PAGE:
Polaroid P/N 55 in Cold Temperatures


-- Larry Huppert (Larry.Huppert@mail.com), January 08, 2000


I don't have the URL, but if you poke around www.polaroid.com, you should be able to find the technical data sheet on T55. What it says is process above 60 F for best results and they give a table down to 50 F at which they recomend 60 seconds process time and no exposure compensation.

I know Polaroid says don't freeze this film. The goo might get awfully viscous at low temperatures...

-- mike rosenlof (mike_rosenlof@yahoo.com), January 12, 2000.

I have had poor results with Polaroid in cold weather -- 30 degrees and below. Many of them came out nearly all white, which says "overexposed" but they weren't really. The chemicals were so thick they didnt spread properly, and so cold the reaction never did get going. didnt matter if I held them inside my jacket or not. I think I tried once at a winter fair and actually had little ice crystals in the emulsion. I can get a quick photo outside if I have had the film indoors and get it back inside right away, but no go if it has cooled down to the ambient temperature.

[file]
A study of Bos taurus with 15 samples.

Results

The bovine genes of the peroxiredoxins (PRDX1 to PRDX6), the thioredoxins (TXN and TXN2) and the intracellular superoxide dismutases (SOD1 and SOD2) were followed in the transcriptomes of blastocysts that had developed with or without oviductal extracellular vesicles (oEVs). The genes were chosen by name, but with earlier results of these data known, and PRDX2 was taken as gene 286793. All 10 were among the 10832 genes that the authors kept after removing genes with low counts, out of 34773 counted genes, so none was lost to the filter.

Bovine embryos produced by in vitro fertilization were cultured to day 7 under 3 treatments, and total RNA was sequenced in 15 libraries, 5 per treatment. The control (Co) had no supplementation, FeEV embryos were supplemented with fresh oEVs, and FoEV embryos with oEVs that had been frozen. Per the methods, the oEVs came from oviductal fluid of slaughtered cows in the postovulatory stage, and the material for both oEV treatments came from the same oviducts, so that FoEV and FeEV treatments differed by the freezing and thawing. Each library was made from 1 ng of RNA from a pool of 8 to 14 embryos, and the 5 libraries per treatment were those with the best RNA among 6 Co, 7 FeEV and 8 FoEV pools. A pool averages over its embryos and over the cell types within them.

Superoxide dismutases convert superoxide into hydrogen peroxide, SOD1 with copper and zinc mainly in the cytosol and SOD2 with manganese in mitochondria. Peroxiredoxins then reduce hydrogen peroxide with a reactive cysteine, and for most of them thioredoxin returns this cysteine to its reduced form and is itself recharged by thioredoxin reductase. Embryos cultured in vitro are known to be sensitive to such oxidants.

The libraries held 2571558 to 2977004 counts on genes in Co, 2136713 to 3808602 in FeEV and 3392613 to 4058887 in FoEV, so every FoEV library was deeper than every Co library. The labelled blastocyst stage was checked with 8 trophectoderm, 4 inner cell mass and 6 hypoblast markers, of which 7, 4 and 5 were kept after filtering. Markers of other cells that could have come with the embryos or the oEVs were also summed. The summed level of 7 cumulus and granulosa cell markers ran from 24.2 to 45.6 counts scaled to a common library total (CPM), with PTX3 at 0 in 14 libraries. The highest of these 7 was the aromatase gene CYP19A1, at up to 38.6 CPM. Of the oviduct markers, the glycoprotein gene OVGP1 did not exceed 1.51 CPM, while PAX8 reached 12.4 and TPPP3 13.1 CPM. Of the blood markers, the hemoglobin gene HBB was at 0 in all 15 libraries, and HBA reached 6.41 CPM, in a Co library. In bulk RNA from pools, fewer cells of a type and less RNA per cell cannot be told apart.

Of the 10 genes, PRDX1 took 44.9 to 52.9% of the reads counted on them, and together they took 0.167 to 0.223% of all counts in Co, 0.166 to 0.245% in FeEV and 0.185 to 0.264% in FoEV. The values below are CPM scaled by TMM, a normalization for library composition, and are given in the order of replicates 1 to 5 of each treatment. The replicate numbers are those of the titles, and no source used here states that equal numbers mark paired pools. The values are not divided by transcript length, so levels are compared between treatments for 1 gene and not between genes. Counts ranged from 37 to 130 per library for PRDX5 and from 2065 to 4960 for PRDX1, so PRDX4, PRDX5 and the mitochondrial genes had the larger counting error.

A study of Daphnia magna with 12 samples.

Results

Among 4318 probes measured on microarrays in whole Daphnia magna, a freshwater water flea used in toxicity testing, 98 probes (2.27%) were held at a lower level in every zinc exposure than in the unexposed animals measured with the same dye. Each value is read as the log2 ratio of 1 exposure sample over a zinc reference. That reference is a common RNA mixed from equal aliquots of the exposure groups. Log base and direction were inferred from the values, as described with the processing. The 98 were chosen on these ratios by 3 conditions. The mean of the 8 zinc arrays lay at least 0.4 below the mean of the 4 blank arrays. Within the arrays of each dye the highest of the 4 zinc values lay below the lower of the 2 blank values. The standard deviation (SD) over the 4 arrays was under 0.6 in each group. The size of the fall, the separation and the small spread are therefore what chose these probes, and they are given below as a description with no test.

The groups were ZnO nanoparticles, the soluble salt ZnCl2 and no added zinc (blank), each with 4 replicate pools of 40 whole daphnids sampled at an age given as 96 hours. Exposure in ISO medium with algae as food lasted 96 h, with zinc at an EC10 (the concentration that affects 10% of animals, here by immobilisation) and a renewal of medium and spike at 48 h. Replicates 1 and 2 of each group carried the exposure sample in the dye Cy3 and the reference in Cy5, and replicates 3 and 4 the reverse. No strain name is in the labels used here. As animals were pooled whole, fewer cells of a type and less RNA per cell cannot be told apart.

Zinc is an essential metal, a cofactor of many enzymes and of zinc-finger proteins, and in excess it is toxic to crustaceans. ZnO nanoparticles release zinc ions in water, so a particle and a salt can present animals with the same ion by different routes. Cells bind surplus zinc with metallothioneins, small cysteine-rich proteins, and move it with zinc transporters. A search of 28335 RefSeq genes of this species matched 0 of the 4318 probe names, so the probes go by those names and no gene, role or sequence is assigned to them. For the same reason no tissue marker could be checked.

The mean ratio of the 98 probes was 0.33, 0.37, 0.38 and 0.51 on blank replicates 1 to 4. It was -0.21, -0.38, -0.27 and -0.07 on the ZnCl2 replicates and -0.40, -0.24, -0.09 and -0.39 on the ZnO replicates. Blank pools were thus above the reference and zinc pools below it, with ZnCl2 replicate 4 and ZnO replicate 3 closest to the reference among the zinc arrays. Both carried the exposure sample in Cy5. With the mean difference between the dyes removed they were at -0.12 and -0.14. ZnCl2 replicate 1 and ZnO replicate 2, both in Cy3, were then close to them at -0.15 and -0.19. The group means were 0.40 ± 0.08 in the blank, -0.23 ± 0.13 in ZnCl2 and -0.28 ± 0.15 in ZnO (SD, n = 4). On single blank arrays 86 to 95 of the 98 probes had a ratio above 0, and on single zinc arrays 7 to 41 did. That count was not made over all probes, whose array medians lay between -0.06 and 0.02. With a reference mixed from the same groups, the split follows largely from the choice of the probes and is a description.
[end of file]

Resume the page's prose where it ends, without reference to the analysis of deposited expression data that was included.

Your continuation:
-- Tony Brent (ajbrent@mich.com), January 13, 2000.

I've also had a lot of difficulty with 'overexposed' polaroids in cold/cool temperatures. I've used polapan pro 100 in my RZ 6x7 extensively for proofing in 40-50 degF temperatures and get the problem you have described. I think it's more than the viscosity of developing chemicals, and certainly isn't a freezing problem. I try to get my polaroid film as warm as I can (even up to 75 or 80) shortly before using.

Now if I could just figure out why the color polaroids are so green...

-- Tad Pfeffer (pfeffer@tintin.colorado.edu), March 21, 2000.